Seeing an interview with a guy who wrote a Sherlock Holmes story today, still on my way home from a convention full of people, most of whom write Sherlock Holmes stories, and then thinking about a recent collection or two where people who hadn't written Sherlock Holmes stories were encouraged to write Sherlock Holmes stories . . . well, I started realizing that Mr. Sherlock Holmes has solved a whole lot of mysteries at this point.
Sherlock Holmes has solved more mysteries than any other detective in history, I'd think it is safe to say. Novels, short stories, comic books, TV shows, movies, cartoons, advertisements . . . even 140 character tweets . . . Sherlock Holmes has solved mysteries in every single one of those formats, and not the same sixty mysteries every time, either. Little mysteries, big mysteries, minor mysteries that are a part of major mysteries. Kid mysteries, adult mysteries, famous people mysteries, animal mysteries . . . he is the guy who solves mysteries. The veritable god of mystery solving.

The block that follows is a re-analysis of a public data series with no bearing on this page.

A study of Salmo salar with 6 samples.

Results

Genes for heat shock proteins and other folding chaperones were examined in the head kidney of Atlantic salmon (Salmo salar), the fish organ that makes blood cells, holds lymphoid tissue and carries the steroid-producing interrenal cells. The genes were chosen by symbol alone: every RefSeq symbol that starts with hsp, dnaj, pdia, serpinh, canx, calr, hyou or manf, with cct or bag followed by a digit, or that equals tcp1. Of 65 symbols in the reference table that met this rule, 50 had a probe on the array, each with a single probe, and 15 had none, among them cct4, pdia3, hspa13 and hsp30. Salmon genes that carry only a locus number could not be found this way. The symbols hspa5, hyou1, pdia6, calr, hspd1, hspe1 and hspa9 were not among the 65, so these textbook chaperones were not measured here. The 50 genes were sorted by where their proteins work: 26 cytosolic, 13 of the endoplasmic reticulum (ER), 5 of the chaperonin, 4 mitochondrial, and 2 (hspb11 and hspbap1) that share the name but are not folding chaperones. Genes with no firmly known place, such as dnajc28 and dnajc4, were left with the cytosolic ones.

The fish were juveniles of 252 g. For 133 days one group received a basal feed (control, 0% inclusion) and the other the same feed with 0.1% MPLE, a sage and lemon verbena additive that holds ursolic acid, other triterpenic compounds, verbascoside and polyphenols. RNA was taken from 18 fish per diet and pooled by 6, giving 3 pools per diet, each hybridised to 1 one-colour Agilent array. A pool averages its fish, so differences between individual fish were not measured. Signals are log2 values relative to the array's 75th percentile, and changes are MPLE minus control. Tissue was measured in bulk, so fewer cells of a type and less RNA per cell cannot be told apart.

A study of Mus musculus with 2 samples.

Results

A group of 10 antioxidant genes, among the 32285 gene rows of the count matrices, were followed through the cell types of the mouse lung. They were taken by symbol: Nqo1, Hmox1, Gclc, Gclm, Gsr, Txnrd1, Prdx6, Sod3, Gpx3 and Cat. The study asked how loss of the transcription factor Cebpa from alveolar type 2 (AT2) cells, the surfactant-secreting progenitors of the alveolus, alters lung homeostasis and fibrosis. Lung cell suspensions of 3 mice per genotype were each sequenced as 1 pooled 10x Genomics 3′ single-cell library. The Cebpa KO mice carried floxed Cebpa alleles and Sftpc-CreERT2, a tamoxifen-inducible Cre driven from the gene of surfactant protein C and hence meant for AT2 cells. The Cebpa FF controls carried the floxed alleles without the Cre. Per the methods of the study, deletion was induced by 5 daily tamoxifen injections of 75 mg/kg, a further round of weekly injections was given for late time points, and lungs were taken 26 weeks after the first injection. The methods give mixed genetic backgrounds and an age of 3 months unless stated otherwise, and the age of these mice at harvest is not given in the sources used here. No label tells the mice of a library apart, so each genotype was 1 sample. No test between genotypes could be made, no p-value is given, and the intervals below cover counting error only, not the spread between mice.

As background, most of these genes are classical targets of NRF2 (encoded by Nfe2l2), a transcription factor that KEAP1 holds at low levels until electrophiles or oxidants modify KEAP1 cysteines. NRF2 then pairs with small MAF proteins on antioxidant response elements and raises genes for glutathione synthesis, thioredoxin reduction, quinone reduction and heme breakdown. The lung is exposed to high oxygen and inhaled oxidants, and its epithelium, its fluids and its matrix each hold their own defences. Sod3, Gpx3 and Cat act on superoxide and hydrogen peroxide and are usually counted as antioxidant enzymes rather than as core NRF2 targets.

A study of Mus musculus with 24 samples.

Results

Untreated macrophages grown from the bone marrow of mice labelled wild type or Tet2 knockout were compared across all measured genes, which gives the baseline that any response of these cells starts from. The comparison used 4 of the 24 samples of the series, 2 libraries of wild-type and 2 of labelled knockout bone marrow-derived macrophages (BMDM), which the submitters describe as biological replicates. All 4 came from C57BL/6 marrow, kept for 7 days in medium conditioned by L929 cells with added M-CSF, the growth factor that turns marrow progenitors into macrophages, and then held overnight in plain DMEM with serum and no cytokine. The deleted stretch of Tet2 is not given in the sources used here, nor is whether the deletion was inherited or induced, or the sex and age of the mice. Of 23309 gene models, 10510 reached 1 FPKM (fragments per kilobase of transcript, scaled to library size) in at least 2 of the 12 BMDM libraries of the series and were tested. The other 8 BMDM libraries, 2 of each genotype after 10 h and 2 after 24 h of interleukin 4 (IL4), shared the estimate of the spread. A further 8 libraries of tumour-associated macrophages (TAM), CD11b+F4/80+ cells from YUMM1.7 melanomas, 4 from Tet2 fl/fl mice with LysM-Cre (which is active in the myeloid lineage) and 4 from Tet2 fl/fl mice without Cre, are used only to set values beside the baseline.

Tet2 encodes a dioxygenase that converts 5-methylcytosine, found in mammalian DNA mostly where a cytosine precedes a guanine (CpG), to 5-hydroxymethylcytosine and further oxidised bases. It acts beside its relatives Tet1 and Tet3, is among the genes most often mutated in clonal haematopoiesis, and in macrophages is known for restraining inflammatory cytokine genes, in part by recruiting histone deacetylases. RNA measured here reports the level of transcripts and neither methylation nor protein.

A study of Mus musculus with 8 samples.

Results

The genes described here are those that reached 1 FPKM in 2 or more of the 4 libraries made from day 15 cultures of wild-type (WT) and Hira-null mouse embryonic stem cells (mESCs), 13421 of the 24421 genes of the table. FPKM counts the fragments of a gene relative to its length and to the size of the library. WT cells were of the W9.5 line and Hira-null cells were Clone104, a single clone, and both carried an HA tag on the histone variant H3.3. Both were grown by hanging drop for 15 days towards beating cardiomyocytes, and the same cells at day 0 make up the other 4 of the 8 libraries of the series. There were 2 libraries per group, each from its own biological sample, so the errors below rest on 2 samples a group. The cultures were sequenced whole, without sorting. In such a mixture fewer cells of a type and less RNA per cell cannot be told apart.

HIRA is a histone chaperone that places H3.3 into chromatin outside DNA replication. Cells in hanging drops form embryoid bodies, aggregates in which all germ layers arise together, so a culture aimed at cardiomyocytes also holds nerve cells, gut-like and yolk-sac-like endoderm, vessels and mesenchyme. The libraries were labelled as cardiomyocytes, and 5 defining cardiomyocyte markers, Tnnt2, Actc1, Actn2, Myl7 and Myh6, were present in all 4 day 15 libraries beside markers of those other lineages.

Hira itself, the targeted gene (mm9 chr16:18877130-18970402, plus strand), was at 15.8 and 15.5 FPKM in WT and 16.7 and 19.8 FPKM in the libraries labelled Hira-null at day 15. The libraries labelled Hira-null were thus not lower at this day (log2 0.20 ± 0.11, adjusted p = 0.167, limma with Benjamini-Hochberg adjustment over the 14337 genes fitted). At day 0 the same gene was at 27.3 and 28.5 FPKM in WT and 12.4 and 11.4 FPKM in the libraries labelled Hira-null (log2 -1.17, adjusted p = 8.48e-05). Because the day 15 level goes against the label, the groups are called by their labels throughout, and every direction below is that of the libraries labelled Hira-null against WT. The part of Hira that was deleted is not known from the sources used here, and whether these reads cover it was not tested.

At this point, given the internet's wealth of tales, I think we've crossed the line past which it's even possible to count how many mysteries that Sherlock Holmes has solved. Just counting actors who have played Holmes has turned into a ridiculously epic quest for Howard Ostrom. Trying to count the number of mysteries Sherlock Holmes has solved across all mediums? That would take a fully staffed think tank with all manner of research assistants, one would think.
And then to categorize them. Oh, he's probably more into murder solving across the board than he was in the original Canon, thanks to the sensationalism of that particular crime, but how many times has he solved an almost-Red-Headed-League case? How many times has he solved a not-quite-but-sorta-Hound-of-the-Baskervilles thing? And how many different solutions to the Jack the Ripper business has he come up with over the years?
So many mysteries solved! But he's Sherlock Holmes, of course. He's not stopping now. Like McDonald's and hamburgers, his ongoing march to "one billion served" seems to have become an inevitability.